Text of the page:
Convincing talented undrafted free agents to sign won’t be easy for Dodgers, Angels
Its coronavirus-truncated, five-round draft complete, Major League Baseball now turns to what one agent calls the “wild, wild West” phase of player acquisition, a free agent free-for-all in which teams will be allowed to sign unlimited undrafted players for a maximum of $20,000 each.
“We’re going to turn over every stone,” Dodgers scouting director Billy Gasparino said. “I haven’t seen the final version of our recruiting video, but we’re going to pull out all the stops. Maybe Magic Johnson will call a few people, Dave Roberts. Whatever you can think of that’s legal in the recruiting world, we’re going to try.”
There was more than a hint of hyperbole in Gasparino’s sales pitch. The Dodgers, Angels and the 28 other teams cast a wide net for talent beginning Sunday at 6 a.m. PDT, when they started contacting players who didn’t opt out of the draft pool, but those efforts are not expected to yield much.
The Dodgers signed one player Sunday, right-handed pitcher Robbie Peto, a 6-foot-4, 224-pound junior from Stetson University. Peto was 3-0 with a 1.78 earned-run average this year, striking out 41 batters in 25-1/3 innings before the season was shut down.
With signing bonuses limited to $20,000, teams will essentially be shopping at the dollar store, their targets likely limited to college seniors projected as low-round picks, junior college and prep players who have little interest in remaining in school and players who wouldn’t command much more than $20,000 in any draft.
The Dodgers landed a pair of right-handed pitchers in the second round of the MLB draft, selecting right-handers Landon Knack and Clayton Beeter.
“I think the idea of a frenzy is a little bit more theoretical because the bonuses are capped,” Angels general manager Billy Eppler said. “I would definitely agree with it being a frenzy if bonuses were higher or unlimited. I think there will be some activity, but just how much still needs to be seen.”
When Major League Baseball scaled back its draft from 40 rounds to five — a cost-cutting move that reduced the number of players selected from about 1,200 to 160 — it sent a clear message to the 2020 draft class: We don’t want you this year.
Prospects who would have been picked in the sixth through 30th rounds or so will have little financial incentive to sign. Slot values for picks in the sixth through 10th rounds in 2019 ranged from $301,600 down to $142,000.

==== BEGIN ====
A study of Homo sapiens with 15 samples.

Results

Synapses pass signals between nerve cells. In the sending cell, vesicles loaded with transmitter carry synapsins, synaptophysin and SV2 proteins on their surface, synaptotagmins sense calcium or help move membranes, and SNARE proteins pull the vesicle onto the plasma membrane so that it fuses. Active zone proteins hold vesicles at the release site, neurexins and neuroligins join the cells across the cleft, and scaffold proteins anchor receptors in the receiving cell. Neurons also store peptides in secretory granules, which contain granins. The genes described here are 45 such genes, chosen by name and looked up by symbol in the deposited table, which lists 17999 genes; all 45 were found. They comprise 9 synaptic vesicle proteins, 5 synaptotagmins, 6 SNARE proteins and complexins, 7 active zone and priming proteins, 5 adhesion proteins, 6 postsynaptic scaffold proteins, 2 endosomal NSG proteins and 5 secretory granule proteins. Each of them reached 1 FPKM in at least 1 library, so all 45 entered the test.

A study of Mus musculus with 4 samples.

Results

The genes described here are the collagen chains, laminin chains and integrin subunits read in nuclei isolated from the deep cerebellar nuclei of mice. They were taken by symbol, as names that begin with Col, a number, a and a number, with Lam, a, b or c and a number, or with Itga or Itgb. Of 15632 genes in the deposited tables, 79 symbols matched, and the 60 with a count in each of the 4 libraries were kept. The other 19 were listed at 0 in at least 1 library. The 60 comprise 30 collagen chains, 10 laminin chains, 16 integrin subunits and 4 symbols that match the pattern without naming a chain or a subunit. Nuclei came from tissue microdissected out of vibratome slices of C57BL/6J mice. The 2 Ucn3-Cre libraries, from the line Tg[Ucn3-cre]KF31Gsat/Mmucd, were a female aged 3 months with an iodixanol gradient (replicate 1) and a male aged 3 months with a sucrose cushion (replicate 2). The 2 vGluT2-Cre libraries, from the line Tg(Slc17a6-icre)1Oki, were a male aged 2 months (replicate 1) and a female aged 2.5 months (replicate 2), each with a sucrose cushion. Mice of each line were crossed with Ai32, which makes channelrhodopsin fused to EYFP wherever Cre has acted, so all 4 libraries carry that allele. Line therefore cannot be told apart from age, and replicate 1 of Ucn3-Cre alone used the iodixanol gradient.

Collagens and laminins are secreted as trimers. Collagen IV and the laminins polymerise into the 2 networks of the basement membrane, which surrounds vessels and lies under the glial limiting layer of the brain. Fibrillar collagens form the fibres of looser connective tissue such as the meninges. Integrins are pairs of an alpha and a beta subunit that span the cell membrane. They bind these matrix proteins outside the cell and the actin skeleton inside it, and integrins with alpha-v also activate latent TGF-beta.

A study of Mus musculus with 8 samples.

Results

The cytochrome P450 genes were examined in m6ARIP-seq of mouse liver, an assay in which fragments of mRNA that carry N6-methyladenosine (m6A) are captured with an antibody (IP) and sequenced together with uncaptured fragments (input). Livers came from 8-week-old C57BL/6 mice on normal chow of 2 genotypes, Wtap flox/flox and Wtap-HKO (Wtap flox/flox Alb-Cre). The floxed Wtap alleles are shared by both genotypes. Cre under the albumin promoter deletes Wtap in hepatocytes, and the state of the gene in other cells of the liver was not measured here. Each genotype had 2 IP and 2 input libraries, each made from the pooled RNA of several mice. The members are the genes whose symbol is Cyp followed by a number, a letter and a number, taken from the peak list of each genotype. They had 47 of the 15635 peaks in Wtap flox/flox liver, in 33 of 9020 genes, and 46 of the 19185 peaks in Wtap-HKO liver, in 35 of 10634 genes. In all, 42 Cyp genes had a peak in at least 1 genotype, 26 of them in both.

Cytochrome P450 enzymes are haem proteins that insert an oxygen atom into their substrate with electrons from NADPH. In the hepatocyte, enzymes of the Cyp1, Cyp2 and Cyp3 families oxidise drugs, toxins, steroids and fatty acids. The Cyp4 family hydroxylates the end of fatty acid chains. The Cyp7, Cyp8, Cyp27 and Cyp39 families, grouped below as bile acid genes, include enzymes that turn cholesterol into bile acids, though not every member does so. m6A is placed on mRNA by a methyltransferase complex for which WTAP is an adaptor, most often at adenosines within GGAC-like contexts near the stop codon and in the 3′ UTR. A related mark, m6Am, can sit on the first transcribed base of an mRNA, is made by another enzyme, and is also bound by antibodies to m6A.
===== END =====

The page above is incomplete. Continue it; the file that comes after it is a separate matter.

Six-figure bonuses were sprinkled throughout the rest of the draft, one as low as the 33rd round. That track record will push more high school standouts this year to two- and four-year schools.
The NCAA also granted an extra year of eligibility to spring sports athletes after their seasons were cut short by the COVID-19 pandemic, meaning many top undrafted college and junior college players will remain in school and try their luck in a hopefully more lucrative 2021 draft, which will feature 20 rounds under current plans.
And for those prospects inclined to sign, where would they play this summer? Minor league seasons are expected to be canceled because of the coronavirus.
“Players will have a number of things to weigh, like the extra eligibility they’ve been granted by the NCAA, and kind of forecast what their immediate outlook is,” Eppler said.
On the second and last day of the 2020 MLB draft, the Angels added three players, including Adam Seminaris, a left-hander from Long Beach State.
“If they think they can do better than the signing bonuses we can offer, then I think a number of them will return to school. But everybody’s circumstances are different. We’ll see how things develop.”
Gasparino believes there could be some advantages for higher-end prospects to sign now.
“You’d be coming in with a smaller draft class, so if you’re one of 10 to 12 guys we sign instead of 30, that helps your cause,” he said. “And I think our track record of development and success with later-round picks is going to help us.
“I just don’t have a real good grasp of how enticing $20,000 is. It won’t be for everyone, and it might not be for many.”
The lure of training in top-notch facilities with a professional player development staff — along with the chance, perhaps, to sign with a favorite team — will only go so far. Teams may include college tuition in their offers, but are prohibited from offering other inducements such as an invitation to major league spring training or promising additional money later.
“We can offer the college tuition program,” Gasparino said. “No set amount or limit but it has to be within reason of the current school the player attends or is committed to.”
Players who opt in to this year’s draft class will have until they return to school or seven days prior to next year’s draft to sign. With no games to offer, teams will be looking for prospects who can clearly upgrade their systems.
“There’s a line of talent they’re going to have to achieve for us to sign guys,” Gasparino said. “We’re not just going to randomly sign guys. There’s no real need.”
With so many top prospects remaining in school, one draft’s loss could be another’s gain.
“I think the talent in next year’s draft is going to be absurd,” Gasparino said. “That gives us a little more comfort knowing that if we can’t sign a top-three player [this year], we get a [compensation] pick in a super strong class next year.”